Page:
Ruben Korsten


Keywords: antitrust enforcement, cartels, information sharing, international cooperation, leniency

Since pioneering work of Choi Gerlach in 2012, not much game theoretical literature has followed to address issues of global cartel formation and international antitrust enforcement. This article addresses this gap, especially with regards to multi-jurisdictional leniency applications. It is found that multi-jurisdictional leniency applications expose international cartel leniency applicants to various risks and have high transaction costs. Therefore, the effectiveness of domestic programmes depends on the possibility of obtaining leniency in other jurisdictions. If an applicant can simultaneously count with leniency in all relevant jurisdictions, the attractiveness of leniency should increase, as the overall benefits for the applicant will be greater. However, if applying for leniency leads to leniency in some jurisdictions but certain penalties in others, this will disincentivise the use of leniency, which would make international cartels more stable. This article thus demonstrates the need for international cooperation in order for leniency policies to be effective.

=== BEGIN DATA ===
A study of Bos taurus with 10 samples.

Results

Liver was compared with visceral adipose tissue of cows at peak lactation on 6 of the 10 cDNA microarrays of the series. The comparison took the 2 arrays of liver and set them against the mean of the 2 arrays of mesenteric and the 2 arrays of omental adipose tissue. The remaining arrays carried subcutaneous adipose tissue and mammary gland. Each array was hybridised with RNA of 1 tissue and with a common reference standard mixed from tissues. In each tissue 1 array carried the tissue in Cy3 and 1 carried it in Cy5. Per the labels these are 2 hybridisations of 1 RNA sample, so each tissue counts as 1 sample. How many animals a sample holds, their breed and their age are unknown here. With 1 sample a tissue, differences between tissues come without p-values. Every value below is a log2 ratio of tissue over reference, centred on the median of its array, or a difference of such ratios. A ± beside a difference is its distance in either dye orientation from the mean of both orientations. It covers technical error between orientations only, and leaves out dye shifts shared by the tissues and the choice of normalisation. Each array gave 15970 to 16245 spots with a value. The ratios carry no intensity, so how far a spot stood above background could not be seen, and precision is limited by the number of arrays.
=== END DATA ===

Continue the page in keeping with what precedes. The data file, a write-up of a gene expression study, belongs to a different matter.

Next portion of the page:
Keywords: antitrust enforcement; cartels; information sharing; international cooperation; leniency

Ruben Korsten, LLM, Msc, Phd Researcher and Assistant at Ghent University, Belgium. For correspondence: <>. The author would like to thank Carlos Uribe, Roger Van den Bergh, Andrea Giannaccari, Ben Depoorter, Nils Smeuninx, Floris Mertens, Mario Torres and the anonymous peer reviewers of CoRe for helpful discussion and suggestions.